Wednesday, June 1, 2011

on dining alone

Make it a point to take yourself out for dinner. Don't approach it as a depressing or lonely experience, it will be a meal where you are in control, where you may order seconds and where you can catch up on some reading. It will only be depressing if you choose to dine at the Chili's in the parking lot of the hotel where you are staying on business. Thanks to Tom Chiarella for the inspiration (How to Drink Alone from Esquire, May 2008).

Drawing: Josh Cochran
Choose an intimate restaurant. It doesn't have to be expensive or elaborate, but it should be a setting which discourages children. If there is a TV there, it should not be on. Go somewhere you would take an old friend, and avoid romantic, date-oriented settings. I like dimly lit settings, though if you plan on reading, make sure you have the ability to read without additional aids like book- or flashlights. These are tacky and distracting to other diners.

Sit at the bar. Taking up a table where two or more could sit is irresponsible. Servers, hosts and bussers will not make the mistake of asking if you are expecting a guest, and it is somewhat more likely that your beverages will always be filled. A communal table setting will suffice, but only acknowledge your stranger-diner companions politely and disinterestedly. You are not there to be asked to dinner, you have taken yourself to dinner.

Pick a good time to show up. Earlier is always nice if you can stand to eat at 5 or 6, otherwise don't consider dining before 8:30 when dining alone. Earlier, you increase your risk of being somewhat ignored.

A book is an acceptable distraction. Magazines and newspapers will work, too. Just make sure that your reading material will fit discreetly next to your plate so that you can read efficiently between bites. All electronic devices should be off the table and left away. Do not text or take a phone call, nor should you wear earphones. Hopefully you have chosen a location with a pleasant enough atmosphere, not needing to block it out. Anyway, you might accidentally ignore your server when they inquire about more wine.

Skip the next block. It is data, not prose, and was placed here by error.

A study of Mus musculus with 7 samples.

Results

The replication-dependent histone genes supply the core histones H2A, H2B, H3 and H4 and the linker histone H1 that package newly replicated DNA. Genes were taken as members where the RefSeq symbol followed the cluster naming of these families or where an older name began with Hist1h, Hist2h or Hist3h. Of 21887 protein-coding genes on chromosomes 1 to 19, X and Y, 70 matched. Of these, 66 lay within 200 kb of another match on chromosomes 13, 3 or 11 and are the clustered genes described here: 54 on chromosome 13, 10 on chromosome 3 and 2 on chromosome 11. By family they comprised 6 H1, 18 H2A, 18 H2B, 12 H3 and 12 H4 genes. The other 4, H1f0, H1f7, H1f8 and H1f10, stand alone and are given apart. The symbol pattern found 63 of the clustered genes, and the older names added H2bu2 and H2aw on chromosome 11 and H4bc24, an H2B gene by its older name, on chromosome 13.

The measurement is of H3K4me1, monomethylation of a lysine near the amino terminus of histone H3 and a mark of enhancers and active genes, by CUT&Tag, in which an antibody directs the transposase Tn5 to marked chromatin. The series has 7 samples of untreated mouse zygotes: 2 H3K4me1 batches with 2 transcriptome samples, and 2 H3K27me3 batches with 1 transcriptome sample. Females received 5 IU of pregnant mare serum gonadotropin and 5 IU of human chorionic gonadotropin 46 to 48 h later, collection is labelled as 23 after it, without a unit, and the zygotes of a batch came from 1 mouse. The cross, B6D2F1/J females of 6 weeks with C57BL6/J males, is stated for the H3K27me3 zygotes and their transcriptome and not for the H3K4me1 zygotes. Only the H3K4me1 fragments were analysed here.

Enjoy a cocktail before dinner, preferably gin, whiskey or vodka based, served on the rocks. Don't nurse this drink since you're here to eat.

Kindly acknowledge any acquaintances with spare words and promise to get in touch with them another time. Follow up on your promise. If you get invited to join a table and you cannot refuse, accept only if you will be a fourth or sixth. Joining as a second, third or fifth will result in forced conversation, or the more awkward fate of the third or fifth wheel. Joining an already large party as the seventh, eighth, etc. will turn into a long, arduous ordeal, and paying the bill becomes spectacularly difficult. I prefer in all circumstances to say that I am really caught up in my book or report that I am in a hurry. If you do say that you are in a hurry, have one course, leave, and have additional courses elsewhere.

Have a bottle of wine. Do not order a half bottle or a carafe or by-the-glass. You don't have to finish it, but it's no shame if you do. Just be sure not to get too drunk since it could precipitate long conversations with your neighbors or cause you to receive too much attention from your server out of concern. Use the wine selection as an opportunity to gain trust in your server by asking for an ideal pairing.

Beer is a great alternative, but pick something with some weight to it like a porter or IPA. Never order a beer which requires fruit of any kind.

Order three or more courses, it should be way too much food but eat it anyway. Treat the menu democratically and assume that every item is a reasonable portion size such that you could eat two. You might have a traditional three course, appetizer, salad and entree, but think outside the box and consider three appetizers and an entree, or two salads and an entree. In any case, always order an entree. You are there to dine, not to snack or sample. You may have just two courses if they are both entrees.

Practice good table manners. It is a good opportunity to be civilized without having to be too serious. A sloppy solo diner draws attention to himself which is the opposite goal of a meal alone. Also, you risk losing the respect of your server, the second most important person at dinner alone.

Enjoy coffee or maybe some dessert wine after dinner, but dessert alone is slightly unsettling. You are not out to congratulate yourself for anything so don't reward yourself with dessert. If the desserts at the place you choose are too tempting, take one to go.

Tip heavy. Even if your service was basic or acceptable, it was kind of your server to accommodate the specialized needs of the solo diner. When you come back your experience might come to improve and eventually the servers will actively make sure that nothing comes between you and your night out alone.

Make it a weekly or monthly thing. You will build a rapport with the establishment and enjoy the perks of being a regular. The perks vary from place to place, but I expect you'll enjoy them.